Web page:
The Consumer Reports article, “Arsenic in your food” sparked a lot of panic and worry among U.S. consumers about the arsenic quantity in our food. Arsenic is a metalloid that occurs in two different forms: inorganic and organic. Both forms of arsenic are referred to collectively as “total arsenic” and can be found in various sources including: water, food, soil, and air. Inorganic forms of arsenic (arsenate and aresenite) are known carcinogens and are toxic to the body.
How is Arsenic in Rice?
Rice plants normally take up silicon, another metalloid, from the soil to help strengthen their stems and husks. The problem is the silicon and arsenic chemical structure look very similar. Therefore, in growing conditions that have higher amounts of arsenic in the soil and water, rice plants mistakenly take up arsenic instead of silicon from the surrounding environment.
Five Trends Shown by Consumer Reports
- White rice grown in Arkansas, Louisiana, Missouri, and Texas had higher levels of total arsenic compared to other rice samples
- Brown rice contains higher levels of total arsenic compared to white rice samples
- Arsenic levels are 44% higher in consumers that eat rice compared to those that do not
- It is possible to limit your exposure to arsenic in food
- Initial data is being used to encourage the Food and Drug Administration (FDA) to set limits for arsenic in our food
What The FDA Recommends
On September 19, 2012 the FDA released preliminary findings analyzing the quantity of both organic and inorganic arsenic in 200 samples of rice and rice products. These findings can be found here: Arsenic in Rice: Summary Analytical Results from Rice/Rice Product Sampling – September 2012. The FDA’s preliminary data appears to be similar to findings released by Consumer Reports. The FDA is continuing to collect and analyze data of 1,000 plus rice and rice-containing products in order to do a thorough analysis before setting limits or future regulations.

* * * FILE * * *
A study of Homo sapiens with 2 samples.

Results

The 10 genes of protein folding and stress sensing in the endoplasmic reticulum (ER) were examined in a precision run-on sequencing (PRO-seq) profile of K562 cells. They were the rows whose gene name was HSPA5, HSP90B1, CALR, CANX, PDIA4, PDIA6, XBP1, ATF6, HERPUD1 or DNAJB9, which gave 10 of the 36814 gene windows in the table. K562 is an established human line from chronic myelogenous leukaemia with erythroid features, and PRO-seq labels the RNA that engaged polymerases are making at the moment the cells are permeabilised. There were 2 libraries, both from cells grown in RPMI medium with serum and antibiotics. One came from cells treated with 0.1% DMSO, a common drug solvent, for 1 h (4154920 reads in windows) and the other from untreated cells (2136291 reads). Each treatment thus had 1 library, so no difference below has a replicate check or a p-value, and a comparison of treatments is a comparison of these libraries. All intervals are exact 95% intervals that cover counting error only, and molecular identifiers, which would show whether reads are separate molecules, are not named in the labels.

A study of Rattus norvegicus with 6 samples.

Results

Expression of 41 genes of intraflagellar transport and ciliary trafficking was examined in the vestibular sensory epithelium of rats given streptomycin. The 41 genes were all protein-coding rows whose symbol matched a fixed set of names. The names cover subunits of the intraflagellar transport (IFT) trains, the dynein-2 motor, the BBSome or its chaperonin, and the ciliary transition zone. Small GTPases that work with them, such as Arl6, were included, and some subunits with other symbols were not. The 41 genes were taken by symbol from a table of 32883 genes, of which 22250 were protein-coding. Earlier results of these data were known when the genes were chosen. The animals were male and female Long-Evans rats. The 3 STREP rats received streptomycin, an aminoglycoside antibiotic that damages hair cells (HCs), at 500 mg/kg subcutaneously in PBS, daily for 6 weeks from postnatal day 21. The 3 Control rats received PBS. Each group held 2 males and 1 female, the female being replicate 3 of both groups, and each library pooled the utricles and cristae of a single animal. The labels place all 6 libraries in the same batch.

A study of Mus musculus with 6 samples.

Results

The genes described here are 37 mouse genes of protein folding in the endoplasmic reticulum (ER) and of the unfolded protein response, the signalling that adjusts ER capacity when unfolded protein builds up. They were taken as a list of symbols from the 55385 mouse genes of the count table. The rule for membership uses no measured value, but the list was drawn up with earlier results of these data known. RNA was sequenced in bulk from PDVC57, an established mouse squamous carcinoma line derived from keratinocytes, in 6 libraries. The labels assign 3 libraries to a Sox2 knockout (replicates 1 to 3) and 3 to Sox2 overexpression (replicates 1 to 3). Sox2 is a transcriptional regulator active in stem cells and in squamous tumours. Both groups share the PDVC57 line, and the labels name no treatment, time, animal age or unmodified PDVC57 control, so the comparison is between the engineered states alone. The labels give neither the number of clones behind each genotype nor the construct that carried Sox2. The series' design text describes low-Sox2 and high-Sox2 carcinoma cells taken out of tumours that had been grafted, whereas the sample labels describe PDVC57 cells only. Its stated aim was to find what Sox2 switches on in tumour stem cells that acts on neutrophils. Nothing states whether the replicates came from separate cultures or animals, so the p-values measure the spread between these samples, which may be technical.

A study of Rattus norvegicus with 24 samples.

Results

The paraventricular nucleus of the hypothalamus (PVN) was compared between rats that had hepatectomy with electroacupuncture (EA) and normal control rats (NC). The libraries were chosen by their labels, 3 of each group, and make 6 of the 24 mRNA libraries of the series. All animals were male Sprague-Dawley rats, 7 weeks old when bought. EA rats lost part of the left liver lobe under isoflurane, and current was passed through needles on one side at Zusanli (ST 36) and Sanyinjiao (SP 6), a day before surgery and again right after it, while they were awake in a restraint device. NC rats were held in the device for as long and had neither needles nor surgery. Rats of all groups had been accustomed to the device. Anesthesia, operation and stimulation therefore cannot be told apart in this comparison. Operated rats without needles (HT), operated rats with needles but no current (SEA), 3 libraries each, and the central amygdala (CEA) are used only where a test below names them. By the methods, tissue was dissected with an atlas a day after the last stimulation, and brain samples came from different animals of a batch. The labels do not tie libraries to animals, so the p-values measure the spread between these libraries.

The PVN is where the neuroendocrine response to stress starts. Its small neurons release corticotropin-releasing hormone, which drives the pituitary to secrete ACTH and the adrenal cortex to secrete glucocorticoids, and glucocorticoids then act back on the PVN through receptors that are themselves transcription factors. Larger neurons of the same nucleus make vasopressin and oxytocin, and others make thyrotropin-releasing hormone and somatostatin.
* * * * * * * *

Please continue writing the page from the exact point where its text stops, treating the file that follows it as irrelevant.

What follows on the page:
Currently, the FDA’s is taking the stance that, “we believe it would be premature for the FDA to recommend modifying diets because of arsenic levels until a more thorough analysis is completed. With that said, it is important for consumers to continue eating a balanced diet including a wide variety of grains, not only for good nutrition but also to minimize any potential consequences from consuming any one particular food.“ Therefore, the FDA is not recommending that consumers change their intake of rice and rice products due to available data and scientific literature.
Actions Initiated by Reports
Three members of Congress including: Reps. Rosa DeLauro (D-Conn.), Frank Pallone (D-N.J.), and Nita Lowey (D-N.Y.) have proposed the “R.I.C.E Act” (Reducing food-based Inorganic and organic Compounds Exposure Act). This act would require the FDA to set maximum limits on the amount of arsenic allowed in rice containing food sources.
Take Away Message
The average healthy American consuming a diet that consists of a variety of grains doesn’t need to stress about arsenic in rice. However, for the populations that are in a more vulnerable stage of life or have a higher consumption of rice due to dietary preferences/needs like infants, pregnant women, vegans/vegetarians, or individuals that have Celiac disease varying their consumption of whole grains may be beneficial. The truth is we don’t currently know what amount of organic and inorganic arsenic is even absorbed into our bodies from specific foods made from rice nor do we know enough about long-term exposure to low levels of arsenic to set limits. It is important to note that eating a diet containing a wide variety of whole grains is important regardless, so please don’t panic until more research is done. Chances are there have been high concentrations of total arsenic in our food sources for centuries upon centuries, we have just only now begun to properly detect it in our food.
Cleland B, et al. Arsenic Exposure within the Korean Community (United States) Based on Dietary Behavior and Arsenic Levels in Hair, Urine, Air, and Water. Environ Health Perspect. 2009; 117(4): 632–638.